Nov. 17, 2020
Women in corporate law: Alumnae see success by taking risk, following passion
There may be a stereotype out there that female law students are more inclined to pursue social justice areas of practice, such as family law or human rights law, while their male counterparts are drawn to areas in corporate law. For three UCalgary Law alumnae, this stereotype is absolutely not true.
Sylvie Welsh, JD’11, an associate at Burnet, Duckworth & Palmer (BDP), grew up in a family of entrepreneurs and had a fear of public speaking, so a career in some area of corporate law made sense.
“The thought of being in a courtroom and having to speak in front of an audience was not appealing at all,” says Welsh with a laugh. “When I started law school, I thought initially corporate law would be great because I get to work with entrepreneurs and I don’t have to speak in a courtroom.”
For Melissa Smith, LLB’04, it took a bit of soul searching to realize the corporate law environment was where she wanted to be. She completed an undergrad in cell biology and genetics, and had plans to go on to medical school.
“I took a year off and realized I was really interested in business, I loved learning about different industries and companies, meeting new people who were passionate about what they did and so I made the decision that this was what I wanted to do,” says Smith. “I then had to try to figure out the best way get involved. Accounting seemed boring, and I didn’t have enough work experience to do an MBA, so I chose law and loved it right away.”
Her passion for all things business paid off, as Smith is now a partner at Borden Ladner Gervais and regional group manager of the firm’s Capital Markets and Corporate Commercial Group.
Taking a chance led to big opportunity
Joanne Luu, JD’11, also an associate at BDP, entered law school with a biology and political science degree and an interest in international law. When she started her articles at the firm, she took a leap of faith and knocked on the door of David Hague, one of Canada’s preeminent international arbitrators.
“At our firm, if you’re interested in something, you are encouraged to find the person who does that work and approach them," says Luu. "I did that, and was quickly brought on to the international commercial arbitration group, working with international clients on some pretty big cases.”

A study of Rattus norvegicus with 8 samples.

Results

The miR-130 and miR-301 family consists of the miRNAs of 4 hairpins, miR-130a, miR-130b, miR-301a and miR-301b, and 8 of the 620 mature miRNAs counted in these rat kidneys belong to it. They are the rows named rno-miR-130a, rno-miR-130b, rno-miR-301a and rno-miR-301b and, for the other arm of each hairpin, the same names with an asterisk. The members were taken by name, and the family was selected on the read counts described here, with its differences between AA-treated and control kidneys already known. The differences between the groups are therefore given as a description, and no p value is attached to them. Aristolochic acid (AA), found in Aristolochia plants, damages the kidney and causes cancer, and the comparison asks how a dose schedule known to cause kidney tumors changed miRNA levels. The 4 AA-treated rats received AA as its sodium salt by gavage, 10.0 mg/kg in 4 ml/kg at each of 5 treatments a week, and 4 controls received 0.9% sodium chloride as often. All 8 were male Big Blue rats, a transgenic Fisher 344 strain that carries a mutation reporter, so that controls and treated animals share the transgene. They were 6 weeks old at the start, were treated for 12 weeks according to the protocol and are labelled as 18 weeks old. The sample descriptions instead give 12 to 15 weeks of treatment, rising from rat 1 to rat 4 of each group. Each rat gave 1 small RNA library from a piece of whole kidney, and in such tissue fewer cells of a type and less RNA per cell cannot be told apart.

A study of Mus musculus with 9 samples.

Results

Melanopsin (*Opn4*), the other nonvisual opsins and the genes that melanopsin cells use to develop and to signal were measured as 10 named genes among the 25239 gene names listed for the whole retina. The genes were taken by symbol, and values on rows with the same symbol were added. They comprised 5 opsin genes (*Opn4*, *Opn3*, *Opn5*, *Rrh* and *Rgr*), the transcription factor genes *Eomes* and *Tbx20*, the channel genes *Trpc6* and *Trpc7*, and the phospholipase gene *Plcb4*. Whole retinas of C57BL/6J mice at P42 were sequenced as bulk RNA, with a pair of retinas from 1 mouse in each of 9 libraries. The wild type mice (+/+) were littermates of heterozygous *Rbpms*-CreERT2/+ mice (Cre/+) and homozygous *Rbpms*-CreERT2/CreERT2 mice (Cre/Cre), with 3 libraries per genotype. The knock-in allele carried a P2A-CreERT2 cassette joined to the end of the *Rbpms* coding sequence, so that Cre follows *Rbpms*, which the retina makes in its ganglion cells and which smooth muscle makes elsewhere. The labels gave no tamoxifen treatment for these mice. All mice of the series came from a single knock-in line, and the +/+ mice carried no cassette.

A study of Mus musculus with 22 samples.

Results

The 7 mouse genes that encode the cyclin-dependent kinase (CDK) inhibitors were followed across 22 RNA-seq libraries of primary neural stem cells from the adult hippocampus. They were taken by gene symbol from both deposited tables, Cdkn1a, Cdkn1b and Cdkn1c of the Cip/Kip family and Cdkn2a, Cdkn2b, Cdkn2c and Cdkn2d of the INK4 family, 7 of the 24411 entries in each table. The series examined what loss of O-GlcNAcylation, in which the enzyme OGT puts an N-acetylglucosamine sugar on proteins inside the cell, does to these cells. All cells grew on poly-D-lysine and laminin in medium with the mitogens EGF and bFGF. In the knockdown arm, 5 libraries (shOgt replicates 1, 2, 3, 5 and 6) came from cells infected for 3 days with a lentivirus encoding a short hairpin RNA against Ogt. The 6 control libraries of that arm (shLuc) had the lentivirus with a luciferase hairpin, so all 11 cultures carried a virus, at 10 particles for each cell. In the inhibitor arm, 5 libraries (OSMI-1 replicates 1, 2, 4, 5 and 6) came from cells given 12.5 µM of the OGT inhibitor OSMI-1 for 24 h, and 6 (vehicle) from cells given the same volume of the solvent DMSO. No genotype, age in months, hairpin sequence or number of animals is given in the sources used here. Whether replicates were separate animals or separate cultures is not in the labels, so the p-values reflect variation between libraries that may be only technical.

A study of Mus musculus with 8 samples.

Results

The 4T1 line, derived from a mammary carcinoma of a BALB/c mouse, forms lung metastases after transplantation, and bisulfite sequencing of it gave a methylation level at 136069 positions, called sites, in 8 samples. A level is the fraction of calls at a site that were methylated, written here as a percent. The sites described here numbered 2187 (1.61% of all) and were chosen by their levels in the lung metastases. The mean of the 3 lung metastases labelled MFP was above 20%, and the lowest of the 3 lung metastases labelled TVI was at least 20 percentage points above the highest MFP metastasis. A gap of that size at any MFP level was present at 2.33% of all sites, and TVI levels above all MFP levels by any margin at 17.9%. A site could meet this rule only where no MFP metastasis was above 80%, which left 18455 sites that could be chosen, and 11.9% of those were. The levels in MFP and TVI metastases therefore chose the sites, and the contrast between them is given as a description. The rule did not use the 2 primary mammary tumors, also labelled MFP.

Assumed gender stereotype doesn’t exist
For all three women, perceived gender stereotypes haven’t stopped women from forging forward in the corporate law environment, which is a positive thing, for both seasoned lawyers and up-and-comers.
“When I look at our graduating class, it was a pretty even split of men and women being hired by the big corporate law firms,” says Luu. “I hope that as this generation of lawyers grow up, we see a real shift in the upper management at the law firms, which continue to be very male-dominated. But women are already holding high-level positions in-house as general counsel and associate general counsel at many companies, which is really heartening to see.”
Smith agrees, adding that many of her female friends in law school also ended up in big firms practicing corporate law. “I think the social justice gender stereotype is a myth," she says. I’ve known both male and female lawyers who are passionate about family law or human rights law, and followed that path instead.”
Being female in a boardroom surrounded by men can also be empowering because of the unique perspective women can bring to the table, explains Welsh as she recounts a story told at a women’s retreat she attended early on in her career at BDP.
“When you're in a boardroom, and you're maybe the only woman, or one of two or three women, you need to view that as a positive in the sense that you look different," says Welsh. "You dress differently, you sound different. Use that to your advantage, because people are going to remember you. Don't be afraid to speak up. And don't be afraid to share your perspective on whatever the discussion is.”